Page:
Visa crashes and everyone turns to cash
Card users across Europe were failed by Visa on Friday 1st June, 2018 when the card giant's network crashed unexpectedly. One Twitter user described the chaos as a deleted scene from Lord of the Rings.
One glitch, and millions of people inconvenienced, reminding consumers and businesses alike that when things go wrong, cash is still king.
The disruption didn't stop with Visa cards alone, however. Transactions attempted with MasterCard and American Express cards were also disrupted when the connection was rerouted through Visa’s IT network.
Visa's dream of putting cash out of business did not become a living nightmare for people who remembered to carry cash either out of preference or just in case of an emergency. Well done, you!
In a crisis, a solid financial system has to prove how robust it is. Empirical data shows that in a crisis situation, the demand for cash typically rises sharply. The reason for this phenomenon is: trust in real currency.
Visa's Chief Executive Officer said in a statment,
"Our goal is to ensure all Visa payments work reliably 24 hours a day, 365 days a year. We fell well short of this goal today and we apologize to all of our partners and Visa account holders for any inconvenience this may have caused." - Al Kelly (CEO, Visa)
Visa Issues: Card Problems Across the UK and Europe as Payment Systems Go Down
The Visa payment system has crashed, leaving some people unable to buy things or complete transactions.
Even shoppers not using Visa have been unable to make purchases, because the network provides payment systems for a range of shops and financial institutions.
Customers have reported arriving at tills to have their cards declined. Retailers say they have been left unable to take payments in shops, bars and other outlets, forcing them to resort to only taking cash or not making sales at all.
Visa says service returning to normal
Visa says its service is "close to normal" again following a system failure which left customers across Europe unable to make some purchases.
Barclays and Bank of Ireland advised customers to use ATMs to withdraw cash, which appear to still be working.
The company apologised and said it had no reason to believe the hardware failure was down to "any unauthorised access or malicious event".
Its statement came five hours after it had initially acknowledged the problem.
"I'm worried I won't be able to get home when I land in Toulouse as I have no cash for a taxi."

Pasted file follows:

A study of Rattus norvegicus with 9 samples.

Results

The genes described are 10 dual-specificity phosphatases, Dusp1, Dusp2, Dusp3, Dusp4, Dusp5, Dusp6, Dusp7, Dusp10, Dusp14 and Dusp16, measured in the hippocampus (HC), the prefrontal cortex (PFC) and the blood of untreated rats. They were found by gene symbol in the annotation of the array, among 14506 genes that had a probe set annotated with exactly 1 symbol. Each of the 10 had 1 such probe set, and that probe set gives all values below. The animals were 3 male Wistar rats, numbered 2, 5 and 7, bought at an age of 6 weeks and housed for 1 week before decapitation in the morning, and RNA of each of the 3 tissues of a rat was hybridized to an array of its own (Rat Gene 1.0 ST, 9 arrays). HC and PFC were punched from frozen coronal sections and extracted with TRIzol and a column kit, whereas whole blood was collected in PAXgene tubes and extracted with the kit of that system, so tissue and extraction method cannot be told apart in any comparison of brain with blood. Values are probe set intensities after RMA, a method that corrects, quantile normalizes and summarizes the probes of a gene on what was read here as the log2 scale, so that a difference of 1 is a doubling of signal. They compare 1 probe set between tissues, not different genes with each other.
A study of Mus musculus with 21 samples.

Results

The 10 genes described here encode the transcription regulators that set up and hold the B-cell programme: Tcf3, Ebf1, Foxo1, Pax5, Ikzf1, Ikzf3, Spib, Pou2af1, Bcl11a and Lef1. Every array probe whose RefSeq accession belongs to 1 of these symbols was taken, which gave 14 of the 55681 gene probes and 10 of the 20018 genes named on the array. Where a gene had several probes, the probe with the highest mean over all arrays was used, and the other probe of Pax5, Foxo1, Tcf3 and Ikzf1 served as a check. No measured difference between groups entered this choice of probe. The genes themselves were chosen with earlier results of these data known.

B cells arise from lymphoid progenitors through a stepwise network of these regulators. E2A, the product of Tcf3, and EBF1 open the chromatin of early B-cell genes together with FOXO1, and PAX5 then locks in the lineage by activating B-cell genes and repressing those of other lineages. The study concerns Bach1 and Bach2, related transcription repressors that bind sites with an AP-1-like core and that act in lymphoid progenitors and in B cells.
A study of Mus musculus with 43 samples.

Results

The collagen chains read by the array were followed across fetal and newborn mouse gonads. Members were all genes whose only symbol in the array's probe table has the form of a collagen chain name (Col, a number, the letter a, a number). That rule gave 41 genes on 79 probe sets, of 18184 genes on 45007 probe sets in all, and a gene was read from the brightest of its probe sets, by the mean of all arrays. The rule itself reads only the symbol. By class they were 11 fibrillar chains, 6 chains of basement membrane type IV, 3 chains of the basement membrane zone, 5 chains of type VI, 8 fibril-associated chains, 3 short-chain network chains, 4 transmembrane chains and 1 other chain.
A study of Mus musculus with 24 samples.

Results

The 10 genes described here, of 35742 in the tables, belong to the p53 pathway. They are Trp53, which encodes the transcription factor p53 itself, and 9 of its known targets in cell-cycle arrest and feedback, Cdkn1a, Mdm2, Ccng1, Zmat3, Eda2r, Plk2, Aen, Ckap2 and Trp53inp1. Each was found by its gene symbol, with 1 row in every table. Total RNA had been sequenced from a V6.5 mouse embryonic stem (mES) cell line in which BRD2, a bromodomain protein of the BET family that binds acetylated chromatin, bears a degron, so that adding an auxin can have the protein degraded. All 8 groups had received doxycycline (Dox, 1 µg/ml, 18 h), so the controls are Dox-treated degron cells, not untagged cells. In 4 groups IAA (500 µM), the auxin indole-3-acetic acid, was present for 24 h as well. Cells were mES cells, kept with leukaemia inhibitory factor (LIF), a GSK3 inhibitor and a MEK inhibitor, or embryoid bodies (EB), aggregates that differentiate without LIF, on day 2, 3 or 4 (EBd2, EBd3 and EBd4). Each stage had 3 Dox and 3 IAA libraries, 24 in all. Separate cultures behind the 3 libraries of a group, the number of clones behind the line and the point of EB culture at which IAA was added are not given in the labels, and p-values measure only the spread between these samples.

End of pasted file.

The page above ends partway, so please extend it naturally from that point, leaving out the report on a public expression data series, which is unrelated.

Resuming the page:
Visa is working to resolve the issue but one payments firm said transactions were now working intermittently but there was a backlog.
The Payment Systems Regulator told the BBC it understood the problem to be limited to Visa card payments only. Mastercard and American Express both said their networks were working.
How do you pay via card or smart device when the electronic infrastructure has crashed? Share your thoughts with us on Twitter.
BBC Visa considers incentives for UK firms to go cashless (14 July 2017)
Visa has said it is considering offering incentives to UK businesses to go cashless, after introducing a similar scheme in the US. The payments company is selecting 50 small companies in the US to receive $10,000 if they only use cards. The companies have to bid for the money by explaining how going cashless would affect them, their staff and customers.
The Guardian Visa card payments system returns to full capacity after crash (01 June 2018)
Visa’s payment system is operating at “full capacity” after a hardware failure affected customers in the UK and the rest of Europe on Friday....Millions of people were left unable to pay for goods and services across Europe after the unprecedented crash, which began at around 2.30pm....Major retailers had earlier confirmed that card purchases were failing. Queues built up at petrol stations and shopping was left at supermarket tills as customers were unable to pay.
Gizmodo Massive Network Crash Temporarily Renders Visa Cards Useless in UK and Europe (01 June 2018)
Despite the prevalence of credit cards and payment services like Venmo and Apple Pay, when things go wrong, cash is still king. And today, Europe and the UK got a really good reminder of that after a network crash prevented millions of Visa credit and debit card holders from making any transactions.
Cash Matters Poor Visa! The company now wants to pay people to use their product…
In an unprecedented act of despair, Visa announced plans to pay thousands of dollars to 50 small merchants. They would receive the money for restricting their customers’ choice when it came to payments by no longer allowing cash payments.